Thursday December 12, 2013
Archive - Jun 6, 2013
Nearly four months into a hunger strike that has now spread to some two-thirds of the detainees at the prison in Guantánamo Bay, Cuba, the question in this headline can no longer be avoided.
Is President Obama poised to "pack" the federal appeals court in Washington?
"A type of court-packing reminiscent of FDR's era," warned Iowa Sen. Chuck Grassley. "Packing the court because it has issued rulings against the administration is a cynical approach to the judicial branch."
If a twig falls in the forest, does it make a sound? In the case of Republican Congresswoman and tea party champion Michele Bachmann, the answer is as loud as possible. Her decision not to seek a fifth term in her House seat from Minnesota was newsworthy only in the sense that she had sold herself for so long as indomitable in her pursuit of political notoriety.
Say it ain't so. There has never been a sadder day in American politics.
Political reporters are still in shock over Michele Bachmann's sudden announcement that she will not seek re-election to Congress. How dare she just up and walk away? What are we going to do now for laughs? It's not fair. Our primary source to prove the absurdity of politics in general, and the fecklessness of today's Republican Party in particular, has suddenly disappeared. At least for now.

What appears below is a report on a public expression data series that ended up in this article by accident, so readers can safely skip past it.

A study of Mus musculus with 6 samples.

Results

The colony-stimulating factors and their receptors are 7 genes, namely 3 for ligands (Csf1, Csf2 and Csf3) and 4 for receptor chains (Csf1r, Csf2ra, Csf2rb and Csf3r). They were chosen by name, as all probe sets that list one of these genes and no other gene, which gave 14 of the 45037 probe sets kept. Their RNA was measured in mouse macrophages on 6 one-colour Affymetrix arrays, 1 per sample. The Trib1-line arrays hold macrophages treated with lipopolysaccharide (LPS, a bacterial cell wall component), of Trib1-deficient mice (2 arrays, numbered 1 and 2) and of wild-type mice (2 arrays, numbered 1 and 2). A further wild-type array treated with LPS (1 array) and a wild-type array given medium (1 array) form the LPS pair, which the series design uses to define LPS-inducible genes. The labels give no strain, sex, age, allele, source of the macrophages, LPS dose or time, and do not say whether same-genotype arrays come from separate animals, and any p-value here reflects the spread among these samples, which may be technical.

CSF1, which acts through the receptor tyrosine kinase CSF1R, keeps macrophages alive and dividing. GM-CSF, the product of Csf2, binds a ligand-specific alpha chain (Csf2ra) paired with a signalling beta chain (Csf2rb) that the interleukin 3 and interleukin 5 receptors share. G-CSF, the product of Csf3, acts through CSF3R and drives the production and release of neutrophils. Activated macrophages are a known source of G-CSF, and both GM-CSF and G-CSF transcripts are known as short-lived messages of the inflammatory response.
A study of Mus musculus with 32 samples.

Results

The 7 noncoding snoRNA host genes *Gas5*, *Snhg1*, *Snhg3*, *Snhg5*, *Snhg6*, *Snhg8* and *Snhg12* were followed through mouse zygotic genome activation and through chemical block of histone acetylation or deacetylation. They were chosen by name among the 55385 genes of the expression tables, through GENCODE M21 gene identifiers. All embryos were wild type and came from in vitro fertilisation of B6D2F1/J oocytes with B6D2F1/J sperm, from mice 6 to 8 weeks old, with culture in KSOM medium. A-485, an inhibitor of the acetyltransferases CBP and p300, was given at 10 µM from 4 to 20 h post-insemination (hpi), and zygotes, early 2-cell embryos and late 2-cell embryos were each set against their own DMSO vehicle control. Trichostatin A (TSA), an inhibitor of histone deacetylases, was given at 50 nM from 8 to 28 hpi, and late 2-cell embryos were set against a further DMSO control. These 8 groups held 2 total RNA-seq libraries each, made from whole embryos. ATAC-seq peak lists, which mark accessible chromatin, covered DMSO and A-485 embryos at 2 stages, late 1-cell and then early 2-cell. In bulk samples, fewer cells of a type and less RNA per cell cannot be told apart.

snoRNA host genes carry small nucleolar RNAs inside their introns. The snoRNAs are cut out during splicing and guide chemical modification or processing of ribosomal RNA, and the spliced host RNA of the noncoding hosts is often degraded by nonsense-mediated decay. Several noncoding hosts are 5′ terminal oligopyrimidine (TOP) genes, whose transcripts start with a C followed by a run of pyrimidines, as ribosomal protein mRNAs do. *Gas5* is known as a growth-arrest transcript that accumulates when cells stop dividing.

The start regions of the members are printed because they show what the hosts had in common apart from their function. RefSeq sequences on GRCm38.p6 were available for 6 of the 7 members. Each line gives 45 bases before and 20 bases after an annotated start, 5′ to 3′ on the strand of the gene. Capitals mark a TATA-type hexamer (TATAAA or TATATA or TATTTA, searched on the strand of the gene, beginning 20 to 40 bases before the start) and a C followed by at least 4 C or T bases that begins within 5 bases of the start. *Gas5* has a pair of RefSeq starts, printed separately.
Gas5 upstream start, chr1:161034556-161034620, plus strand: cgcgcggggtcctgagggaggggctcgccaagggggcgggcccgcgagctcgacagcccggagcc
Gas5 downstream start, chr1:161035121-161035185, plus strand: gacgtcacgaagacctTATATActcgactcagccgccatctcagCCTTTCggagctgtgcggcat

Like many observers, I usually read reports about political goings-on with a sort of weary cynicism. Every once in a while, however, politicians do something so wrong, substantively and morally, that cynicism just won't cut it; it's time to get really angry instead. So it is with the ugly, destructive war against food stamps.
Judge Brett Kavanaugh of the U.S. Court of Appeals for the D.C. Circuit wrote this week that the First Amendment shields Comcast Corp. from Congress's authority to ensure the free flow of information across the basic network connections it provides.
Maybe Bob Dole has more clout in the Republican Party than we think. He suggested on Sunday that the party put up a "closed for repairs" sign for the rest of the year. Then along comes Michele Bachmann declaring on Wednesday that she won't seek re-election.
The practice of marrying young girls to older men persists in Asia, Sub-Saharan Africa and elsewhere. It is a concern. But need it be America's concern and, more to the point, America's business to stop?
The answer is yes, according to a new Council on Foreign Relations report. Ending child marriage, author Rachel B. Vogelstein states, "is a strategic imperative that will further critical U.S. foreign policy interests."
Could a president order drone strikes against journalists? I'm not worried. No, really. Not much.
But the broad sweep of our government's counterterrorism policy on targeted killings by unmanned drones, coupled with the Justice Department's new aggressiveness against media leaks, makes me wonder whether we journos should watch our step.